A study in Nano Letters reports on the development of a graphene-enabled detector for terahertz light that is faster and more sensitive than existing room-temperature technologies
Detecting terahertz (THz) light is extremely useful for two main reasons:
(Left) Schematic representation of the central part of the graphene-based THz photodetector device, containing the hBN-encapsulated graphene channel, on top of the narrow-gap antenna structure. By applying distinct voltages to the left and right antenna branches, a pn-junction is created in the graphene channel with unequal Seebeck coefficients on the left and right of the junction. Incident light is focused by the antenna above the gap, which is where the photoresponse is generated. (Right) Measurement of a THz focus, obtained by scanning the THz detector in the plane of the focus. The observation of several rings of the Airy pattern indicate the high sensitivity of the detector.
Firstly, THz technology is becoming a key element in applications regarding security (such as airport scanners), wireless data communication, and quality control, to mention just a few. However, current THz detectors have shown strong limitations in terms of simultaneously meeting the requirements for sensitivity, speed, spectral range, being able to operate at room temperature, etc.
Secondly, it is a very safe type of radiation due to its low-energy photons, with more than a hundred times less energy than that of photons in the visible light range.
Many graphene-based applications are expected to emerge from its use as material for detecting light. Graphene has the particularity of not having a bandgap, as compared to standard materials used for photodetection, such as silicon. The bandgap in silicon causes incident light with wavelengths longer than one micron to not be absorbed and thus not detected.
In contrast, for graphene, even terahertz light with a wavelength of hundreds of microns can be absorbed and detected. Whereas THz detectors based on graphene have shown promising results so far, none of the detectors so far could beat commercially available detectors in terms of speed and sensitivity.
In a recent study, ICFO researchers Sebastian Castilla and Dr. Bernat Terres, led by ICREA Prof. at ICFO Frank Koppens and former ICFO scientist Dr. Klaas-Jan Tielrooij (now Junior Group Leader at ICN2), in collaboration with scientists from CIC NanoGUNE, NEST (CNR), Nanjing University, Donostia International Physics Center, University of Ioannina and the National Institute for Material Sciences, have been able to overcome these challenges. They have developed a novel graphene-enabled photodetector that operates at room temperature, and is highly sensitive, very fast, has a wide dynamic range and covers a broad range of THz frequencies.
In their experiment, the scientists were able to optimize the photoresponse mechanism of a THz photodetector using the following approach. They integrated a dipole antenna into the detector to concentrate the incident THz light around the antenna gap region.
By fabricating a very small (100 nm, about one thousand times smaller than the thickness of a hair) antenna gap, they were able to obtain a great intensity concentration of THz incident light in the photoactive region of the graphene channel.
They observed that the light absorbed by the graphene creates hot carriers at a pn-junction in graphene; subsequently, the unequal Seebeck coefficients in the p- and n-regions produce a local voltage and a current through the device generating a very large photoresponse and, thus, leading to a very high sensitivity, high speed response detector, with a wide dynamic range and a broad spectral coverage.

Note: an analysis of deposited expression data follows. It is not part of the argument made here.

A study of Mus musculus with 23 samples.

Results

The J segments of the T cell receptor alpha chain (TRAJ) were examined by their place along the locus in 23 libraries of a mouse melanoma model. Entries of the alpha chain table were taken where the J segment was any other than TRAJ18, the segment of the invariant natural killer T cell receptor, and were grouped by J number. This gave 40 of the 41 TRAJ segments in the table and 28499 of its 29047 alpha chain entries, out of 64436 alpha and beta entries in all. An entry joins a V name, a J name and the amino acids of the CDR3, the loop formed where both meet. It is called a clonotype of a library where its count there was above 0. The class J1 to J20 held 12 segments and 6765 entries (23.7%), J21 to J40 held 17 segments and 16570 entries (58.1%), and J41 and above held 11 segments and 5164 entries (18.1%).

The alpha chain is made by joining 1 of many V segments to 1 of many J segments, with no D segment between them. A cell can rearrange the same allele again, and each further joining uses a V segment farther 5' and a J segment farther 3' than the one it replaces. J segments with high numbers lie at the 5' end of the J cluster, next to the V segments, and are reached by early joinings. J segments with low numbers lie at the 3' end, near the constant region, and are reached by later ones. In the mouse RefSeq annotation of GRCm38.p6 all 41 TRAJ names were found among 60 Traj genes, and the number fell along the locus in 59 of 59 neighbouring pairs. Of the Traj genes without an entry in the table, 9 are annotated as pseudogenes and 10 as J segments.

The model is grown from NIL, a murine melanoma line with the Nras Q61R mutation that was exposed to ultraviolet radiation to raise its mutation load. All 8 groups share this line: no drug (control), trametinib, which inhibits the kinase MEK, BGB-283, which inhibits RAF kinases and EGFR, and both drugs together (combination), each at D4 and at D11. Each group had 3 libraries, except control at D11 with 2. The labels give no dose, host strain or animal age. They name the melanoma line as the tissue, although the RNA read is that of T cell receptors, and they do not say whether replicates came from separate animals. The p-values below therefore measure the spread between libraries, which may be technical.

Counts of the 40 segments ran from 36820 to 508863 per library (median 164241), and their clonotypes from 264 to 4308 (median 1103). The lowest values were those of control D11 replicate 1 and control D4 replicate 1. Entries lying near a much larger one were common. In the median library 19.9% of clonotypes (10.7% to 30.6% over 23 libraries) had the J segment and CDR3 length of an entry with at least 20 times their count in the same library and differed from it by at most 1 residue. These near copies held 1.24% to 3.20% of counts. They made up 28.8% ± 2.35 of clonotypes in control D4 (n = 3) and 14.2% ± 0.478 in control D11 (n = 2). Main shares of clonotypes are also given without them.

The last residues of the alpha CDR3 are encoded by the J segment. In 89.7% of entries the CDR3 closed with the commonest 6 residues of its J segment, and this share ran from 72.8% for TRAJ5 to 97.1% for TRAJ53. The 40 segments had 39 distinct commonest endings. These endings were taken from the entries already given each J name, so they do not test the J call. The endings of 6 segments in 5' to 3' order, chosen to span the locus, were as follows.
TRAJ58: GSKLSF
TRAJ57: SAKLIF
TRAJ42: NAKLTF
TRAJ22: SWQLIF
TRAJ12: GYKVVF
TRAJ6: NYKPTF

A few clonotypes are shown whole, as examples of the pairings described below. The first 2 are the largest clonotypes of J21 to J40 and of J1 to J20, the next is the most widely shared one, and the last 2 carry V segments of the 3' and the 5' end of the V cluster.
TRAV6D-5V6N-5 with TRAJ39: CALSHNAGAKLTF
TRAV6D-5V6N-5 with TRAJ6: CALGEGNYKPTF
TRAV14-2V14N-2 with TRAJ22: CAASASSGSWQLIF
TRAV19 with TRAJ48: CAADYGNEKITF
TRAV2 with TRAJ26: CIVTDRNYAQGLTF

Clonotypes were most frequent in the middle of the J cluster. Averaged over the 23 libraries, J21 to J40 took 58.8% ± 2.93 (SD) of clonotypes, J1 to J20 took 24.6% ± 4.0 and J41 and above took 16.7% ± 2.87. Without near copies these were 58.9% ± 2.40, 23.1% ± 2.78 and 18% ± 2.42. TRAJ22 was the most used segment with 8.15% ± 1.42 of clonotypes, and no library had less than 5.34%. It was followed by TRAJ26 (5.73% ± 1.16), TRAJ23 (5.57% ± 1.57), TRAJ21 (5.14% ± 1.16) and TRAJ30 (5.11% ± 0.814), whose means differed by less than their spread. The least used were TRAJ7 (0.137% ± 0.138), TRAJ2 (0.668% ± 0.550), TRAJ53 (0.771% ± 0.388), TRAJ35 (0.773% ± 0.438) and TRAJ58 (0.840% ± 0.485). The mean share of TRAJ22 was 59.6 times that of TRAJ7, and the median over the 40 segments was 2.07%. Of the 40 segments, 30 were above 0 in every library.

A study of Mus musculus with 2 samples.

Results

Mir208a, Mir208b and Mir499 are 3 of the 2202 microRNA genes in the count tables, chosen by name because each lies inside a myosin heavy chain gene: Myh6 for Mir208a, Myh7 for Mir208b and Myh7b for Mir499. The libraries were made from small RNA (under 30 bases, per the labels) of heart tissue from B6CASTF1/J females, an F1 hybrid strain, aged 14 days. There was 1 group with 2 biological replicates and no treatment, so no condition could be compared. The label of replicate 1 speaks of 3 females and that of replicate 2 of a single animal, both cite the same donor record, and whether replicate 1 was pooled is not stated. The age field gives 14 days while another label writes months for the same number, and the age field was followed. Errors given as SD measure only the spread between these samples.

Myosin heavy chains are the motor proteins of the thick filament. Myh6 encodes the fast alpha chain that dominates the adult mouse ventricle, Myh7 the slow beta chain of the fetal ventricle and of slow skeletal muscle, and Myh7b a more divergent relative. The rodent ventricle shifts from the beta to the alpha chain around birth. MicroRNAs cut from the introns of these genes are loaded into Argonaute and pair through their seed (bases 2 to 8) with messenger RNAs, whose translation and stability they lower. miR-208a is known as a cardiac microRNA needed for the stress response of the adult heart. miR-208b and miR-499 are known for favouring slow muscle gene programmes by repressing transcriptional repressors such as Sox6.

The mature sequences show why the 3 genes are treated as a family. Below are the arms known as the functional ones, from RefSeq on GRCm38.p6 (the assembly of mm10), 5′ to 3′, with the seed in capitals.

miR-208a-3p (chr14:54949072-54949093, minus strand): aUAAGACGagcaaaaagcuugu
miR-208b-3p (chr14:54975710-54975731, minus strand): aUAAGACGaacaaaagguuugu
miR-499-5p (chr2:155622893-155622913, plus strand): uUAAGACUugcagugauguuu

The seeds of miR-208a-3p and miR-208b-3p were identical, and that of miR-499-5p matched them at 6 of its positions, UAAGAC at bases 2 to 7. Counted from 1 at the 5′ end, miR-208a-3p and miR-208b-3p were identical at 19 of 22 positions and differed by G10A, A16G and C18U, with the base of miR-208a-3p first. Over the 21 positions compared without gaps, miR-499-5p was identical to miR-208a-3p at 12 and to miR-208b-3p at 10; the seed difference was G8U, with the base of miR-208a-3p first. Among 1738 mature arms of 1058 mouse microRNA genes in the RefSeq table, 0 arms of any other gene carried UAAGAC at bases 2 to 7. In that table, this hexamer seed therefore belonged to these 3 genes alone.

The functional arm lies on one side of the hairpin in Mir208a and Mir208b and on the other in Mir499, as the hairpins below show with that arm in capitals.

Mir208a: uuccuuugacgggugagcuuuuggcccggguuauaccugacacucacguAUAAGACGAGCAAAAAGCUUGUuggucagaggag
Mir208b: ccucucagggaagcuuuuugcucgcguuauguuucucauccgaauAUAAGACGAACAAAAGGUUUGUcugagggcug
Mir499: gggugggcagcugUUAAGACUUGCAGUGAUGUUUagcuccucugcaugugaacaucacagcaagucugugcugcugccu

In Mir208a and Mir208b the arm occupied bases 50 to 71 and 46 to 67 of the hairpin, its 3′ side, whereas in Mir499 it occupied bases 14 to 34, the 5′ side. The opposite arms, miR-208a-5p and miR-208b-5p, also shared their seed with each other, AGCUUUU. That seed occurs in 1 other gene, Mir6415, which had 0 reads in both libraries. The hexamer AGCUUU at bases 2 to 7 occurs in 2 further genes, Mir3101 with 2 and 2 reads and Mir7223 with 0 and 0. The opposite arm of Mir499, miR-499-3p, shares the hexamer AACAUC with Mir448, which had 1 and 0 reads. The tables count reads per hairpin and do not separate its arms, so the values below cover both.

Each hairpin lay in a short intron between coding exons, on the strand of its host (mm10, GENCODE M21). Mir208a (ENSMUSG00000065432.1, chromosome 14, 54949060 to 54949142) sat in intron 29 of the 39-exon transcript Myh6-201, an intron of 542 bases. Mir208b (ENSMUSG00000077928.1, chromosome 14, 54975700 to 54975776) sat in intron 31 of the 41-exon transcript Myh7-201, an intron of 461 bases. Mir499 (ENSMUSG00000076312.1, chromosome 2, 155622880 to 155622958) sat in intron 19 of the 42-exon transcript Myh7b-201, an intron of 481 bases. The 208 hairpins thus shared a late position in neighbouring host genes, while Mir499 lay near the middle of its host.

The results of this study open a pathway towards the development a fully digital low-cost camera system. This could be as cheap as the camera inside the smartphone, since such a detector has proven to have a very low power consumption and is fully compatible with CMOS technology.
Fast and sensitive terahertz detection using an antenna-integrated graphene pn-junction
Sebastián Castilla, Bernat Terrés, Marta Autore, Leonardo Viti, Jian Li, Alexey Y. Nikitin, Ioannis Vangelidis, Kenji Watanabe, Takashi Taniguchi, Elefterios Lidorikis, Miriam S. Vitiello, Rainer Hillenbrand, Klaas-Jan Tielrooij, and Frank H.L. Koppens
This work was funded by the Cellex foundation, the Graphene Flagship, as well as a Mineco Young Investigator grant.
Klaas-Jan Tielrooij, firstname.lastname@example.org , +34691361210
Frank Koppens, email@example.com
ICFO - The Institute of Photonic Sciences was founded in 2002 by the Government of Catalonia and the Universitat Politècnica de Catalunya (UPC),both of which are members of its board of trustees along with the Cellex and Mir-Puig Foundations, philanthropic entities that have played a critical role in the advancement of the institute since 2007.
Located in the Mediterranean Technology Park in the metropolitan area of Barcelona, the institute currently hosts 400 people, organized in 26 research groups in 60 state-of-the-art research laboratories. Research lines encompass diverse areas in which photonics plays a decisive role, with an emphasis on basic and applied themes relevant to medicine and biology, advanced imaging techniques, information technologies, a range of environmental sensors, tunable and ultra-fast lasers, quantum science, photovoltaics and the properties and applications of nano-materials such as graphene, among others.
In addition to two state awarded Severo Ochoa accreditations of excellence, ICFOnians have been awarded 15 ICREA Professorships and 34 European Research Council grants. ICFO participates actively in the European Technological Platform Photonics21 and is also very proactive in fostering entrepreneurial activities, spin-off creation, and creating collaborations and links between industry and ICFO researchers. To date, ICFO has helped create 7 start-up companies.